No new home for three old houses
By BRIDGET HALL GRUMET, Times Staff Writer
INVERNESS -- The three houses have been part of the downtown landscape for the better part of a century, quaint reminders of what Old Florida looked like before the retirement communities and pink lawn flamingos moved in.
Local notables such as former Sheriff E.P. Graham, the first Inverness resident to get electricity in 1913, once hung their hats in these homes.
But over time, termites and water damage moved in, too. Even as First Baptist Church of Inverness used the buildings recently for Sunday school classrooms and storage, the land beneath became more valuable than the ailing structures on top.
With the church's sale of these properties to Citrus Memorial Hospital closing July 15, the city gave its reluctant blessing last week to demolish the red cabin at 302 W Grace St. and the beige home with wrought iron brackets at 102 S Seminole Ave.
Church attorney Jim Neal said the hospital is holding out hope that it can find a grant to move the oldest of the three houses, the white wood-frame house at 108 S Seminole Ave. The home was built around 1905 by then-Crystal River Mayor Henry Brooks and later occupied by Graham.
But all three homes will have to go, one way or another, to make way for Citrus Memorial, Neal said.
The 171-bed hospital has no specific plans for those properties now, spokeswoman Rebecca Martin said. With an open heart surgery center on the way and a growing population to serve, however, the landlocked hospital will need the space for something.
Church and hospital officials hoped to avoid tearing down these pieces of old Inverness. They worked with the Citrus County Historical Society for months trying to find these houses a new home.
The houses were free for the taking, but the new owners would have to pay to move the structures to another site.
That was the rub.
The red cabin on W Grace Street, one of the Connor's Court bungalows built in the 1920s by then-clerk of courts Claude Connor, has termite damage in the living area, floor boards and crawl space, according to an exterminator's report from October.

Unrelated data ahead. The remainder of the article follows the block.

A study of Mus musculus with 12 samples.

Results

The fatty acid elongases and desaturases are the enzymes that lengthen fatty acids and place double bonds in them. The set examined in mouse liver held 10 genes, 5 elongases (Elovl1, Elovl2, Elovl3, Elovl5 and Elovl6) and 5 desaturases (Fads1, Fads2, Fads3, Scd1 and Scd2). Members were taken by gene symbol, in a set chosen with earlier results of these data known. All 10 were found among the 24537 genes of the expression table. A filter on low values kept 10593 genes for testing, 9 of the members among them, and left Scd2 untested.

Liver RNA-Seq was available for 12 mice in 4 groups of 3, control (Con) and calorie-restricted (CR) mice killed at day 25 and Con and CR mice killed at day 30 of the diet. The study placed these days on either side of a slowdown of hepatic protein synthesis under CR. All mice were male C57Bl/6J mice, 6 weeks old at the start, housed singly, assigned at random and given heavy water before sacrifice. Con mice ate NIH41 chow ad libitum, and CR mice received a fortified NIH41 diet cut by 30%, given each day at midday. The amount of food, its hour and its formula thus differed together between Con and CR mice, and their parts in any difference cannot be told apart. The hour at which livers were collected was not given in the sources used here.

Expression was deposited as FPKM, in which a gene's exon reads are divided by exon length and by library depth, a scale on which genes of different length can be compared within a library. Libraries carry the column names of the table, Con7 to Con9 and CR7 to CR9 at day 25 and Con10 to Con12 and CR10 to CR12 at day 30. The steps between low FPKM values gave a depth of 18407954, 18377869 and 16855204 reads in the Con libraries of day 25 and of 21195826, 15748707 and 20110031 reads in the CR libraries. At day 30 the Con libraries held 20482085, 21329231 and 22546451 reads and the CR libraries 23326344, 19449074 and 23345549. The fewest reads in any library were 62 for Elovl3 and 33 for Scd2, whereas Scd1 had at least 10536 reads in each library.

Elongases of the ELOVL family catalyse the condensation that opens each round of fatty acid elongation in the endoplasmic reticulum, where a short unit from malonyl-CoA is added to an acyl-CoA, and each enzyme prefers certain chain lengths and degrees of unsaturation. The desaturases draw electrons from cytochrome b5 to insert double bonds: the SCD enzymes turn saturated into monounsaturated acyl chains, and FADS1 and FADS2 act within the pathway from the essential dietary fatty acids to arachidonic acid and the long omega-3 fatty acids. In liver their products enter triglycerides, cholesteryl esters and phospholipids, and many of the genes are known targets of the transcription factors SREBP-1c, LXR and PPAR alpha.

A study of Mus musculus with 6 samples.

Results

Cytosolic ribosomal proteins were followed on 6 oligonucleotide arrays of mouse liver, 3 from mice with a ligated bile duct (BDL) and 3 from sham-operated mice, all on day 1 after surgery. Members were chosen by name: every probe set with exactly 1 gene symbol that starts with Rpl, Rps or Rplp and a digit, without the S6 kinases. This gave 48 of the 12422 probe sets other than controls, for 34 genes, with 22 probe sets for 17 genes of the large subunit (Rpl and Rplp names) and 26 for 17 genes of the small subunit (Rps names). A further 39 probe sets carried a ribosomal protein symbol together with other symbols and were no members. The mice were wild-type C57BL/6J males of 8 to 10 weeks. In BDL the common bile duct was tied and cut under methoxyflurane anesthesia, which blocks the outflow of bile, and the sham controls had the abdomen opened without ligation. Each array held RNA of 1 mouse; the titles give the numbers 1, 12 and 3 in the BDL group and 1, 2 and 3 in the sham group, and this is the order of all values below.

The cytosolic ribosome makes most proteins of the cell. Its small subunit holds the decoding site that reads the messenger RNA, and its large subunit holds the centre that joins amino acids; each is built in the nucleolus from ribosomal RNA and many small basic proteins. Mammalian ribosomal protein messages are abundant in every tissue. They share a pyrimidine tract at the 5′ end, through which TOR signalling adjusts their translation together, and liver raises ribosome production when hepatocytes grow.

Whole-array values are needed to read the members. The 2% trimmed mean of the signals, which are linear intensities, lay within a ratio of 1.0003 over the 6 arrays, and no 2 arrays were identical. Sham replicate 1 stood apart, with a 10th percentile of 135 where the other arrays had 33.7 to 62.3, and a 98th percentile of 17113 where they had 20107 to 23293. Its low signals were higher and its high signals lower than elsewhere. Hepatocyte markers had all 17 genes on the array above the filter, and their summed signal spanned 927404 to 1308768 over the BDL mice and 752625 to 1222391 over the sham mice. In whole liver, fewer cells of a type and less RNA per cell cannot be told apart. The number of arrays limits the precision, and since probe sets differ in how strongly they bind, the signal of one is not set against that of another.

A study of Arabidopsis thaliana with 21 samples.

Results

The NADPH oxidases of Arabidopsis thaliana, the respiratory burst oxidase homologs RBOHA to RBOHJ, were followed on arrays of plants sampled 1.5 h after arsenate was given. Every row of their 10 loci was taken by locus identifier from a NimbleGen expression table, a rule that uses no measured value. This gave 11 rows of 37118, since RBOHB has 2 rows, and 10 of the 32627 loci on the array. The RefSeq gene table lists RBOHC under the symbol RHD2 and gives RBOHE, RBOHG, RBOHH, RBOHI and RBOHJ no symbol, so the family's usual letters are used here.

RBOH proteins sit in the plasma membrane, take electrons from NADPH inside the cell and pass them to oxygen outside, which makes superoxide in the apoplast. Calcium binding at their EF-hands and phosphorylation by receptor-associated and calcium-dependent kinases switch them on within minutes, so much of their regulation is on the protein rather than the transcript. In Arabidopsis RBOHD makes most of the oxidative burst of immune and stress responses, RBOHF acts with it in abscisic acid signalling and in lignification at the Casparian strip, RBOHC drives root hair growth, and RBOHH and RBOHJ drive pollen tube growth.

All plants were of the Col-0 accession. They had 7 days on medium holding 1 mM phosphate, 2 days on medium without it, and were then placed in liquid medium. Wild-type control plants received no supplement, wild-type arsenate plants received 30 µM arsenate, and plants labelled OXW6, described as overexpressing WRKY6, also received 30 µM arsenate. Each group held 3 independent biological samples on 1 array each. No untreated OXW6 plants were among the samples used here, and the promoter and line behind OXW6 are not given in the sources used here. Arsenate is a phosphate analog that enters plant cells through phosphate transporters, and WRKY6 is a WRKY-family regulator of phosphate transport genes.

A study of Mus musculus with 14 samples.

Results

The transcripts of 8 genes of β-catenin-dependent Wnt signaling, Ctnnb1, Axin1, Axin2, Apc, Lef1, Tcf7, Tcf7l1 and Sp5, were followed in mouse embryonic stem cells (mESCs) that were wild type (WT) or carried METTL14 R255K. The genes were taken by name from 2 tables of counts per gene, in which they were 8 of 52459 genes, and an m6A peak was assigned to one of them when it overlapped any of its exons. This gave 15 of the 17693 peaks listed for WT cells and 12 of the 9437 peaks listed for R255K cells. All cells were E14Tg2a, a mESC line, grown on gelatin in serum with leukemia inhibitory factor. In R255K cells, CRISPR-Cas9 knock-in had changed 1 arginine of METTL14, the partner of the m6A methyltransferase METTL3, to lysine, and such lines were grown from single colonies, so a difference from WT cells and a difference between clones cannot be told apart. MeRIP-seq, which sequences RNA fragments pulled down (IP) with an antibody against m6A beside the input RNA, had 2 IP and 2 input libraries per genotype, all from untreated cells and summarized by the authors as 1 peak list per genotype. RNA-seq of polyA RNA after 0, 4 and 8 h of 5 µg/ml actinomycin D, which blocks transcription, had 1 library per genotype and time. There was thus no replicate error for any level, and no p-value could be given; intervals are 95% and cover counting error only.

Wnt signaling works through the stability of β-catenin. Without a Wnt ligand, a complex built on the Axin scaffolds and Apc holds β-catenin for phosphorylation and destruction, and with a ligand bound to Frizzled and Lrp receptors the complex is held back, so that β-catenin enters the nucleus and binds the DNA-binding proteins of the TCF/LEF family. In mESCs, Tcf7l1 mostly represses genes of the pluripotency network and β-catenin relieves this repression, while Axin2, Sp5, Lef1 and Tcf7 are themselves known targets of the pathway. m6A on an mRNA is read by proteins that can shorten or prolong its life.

Termites and water damage are also wearing through the floor beams in the 1936 beige house, a one-story home that has been moved twice over the years before landing behind the Citrus Times office.
And even the white house, the one officials still hope to save, has rotting door joints and damaged floor beams.
Frank Pullen, a building contractor who inspected all three houses recently, concluded the damage is too great to move any of the buildings.
"At first people are interested because it's a free house," Neal said. "When they really start to investigate them, it's a problem. It's just not cost effective to do."
Because the houses sit on the city's list of historic properties, they cannot be moved or demolished without the approval of the Architectural/Aesthetic Review Committee. The volunteer board approved the requests Thursday to tear down two houses and move the third.
"I think it's a shame that the houses were allowed to get in such a state of disrepair that it's financially unfeasible to even move them," board member Winston Perry told the Times. "I would like to save as many old houses as we can, but when they're beyond repair, they're beyond repair."
Unfortunately, Perry added, that's becoming a more common scene in Inverness.
The 1926 Valerie Theater across from the historic courthouse deteriorated for years until Perry and his wife, Andrea, bought it in December 2000 with plans to restore it.
The two-story home at 105 W Grace St., once an example of early 1900s architecture with its elliptical rose window and gingerbread railings, now sits boarded up and abandoned. After discovering the home was on the historic list, the city halted the owner's plans last August to demolish the house as part of a firefighter training burn.
But now members of the Architectural/Aesthetic Review Committee are urging city Development Services Director Hilbert Staton to help owner Joanne Palmieri tear down the eyesore.
And in recent years, other old houses have given way to Citrus Memorial Hospital's expansions.
Perry worries that Inverness loses a piece of its charm and identity each time a historic building deteriorates beyond repair.
With rotting floors and other damage, however, these three homes with a past don't have much of a present or future.
In one of the homes, Staton told the Architectural/Aesthetic Review Committee last week, "when you stepped on the flooring, you were fearful you might end up in the crawl space."
"And no one wants them," board member David Arthurs said.
"That's the real problem," Staton replied.
-- Bridget Hall Grumet can be reached at 860-7303 or email@example.com.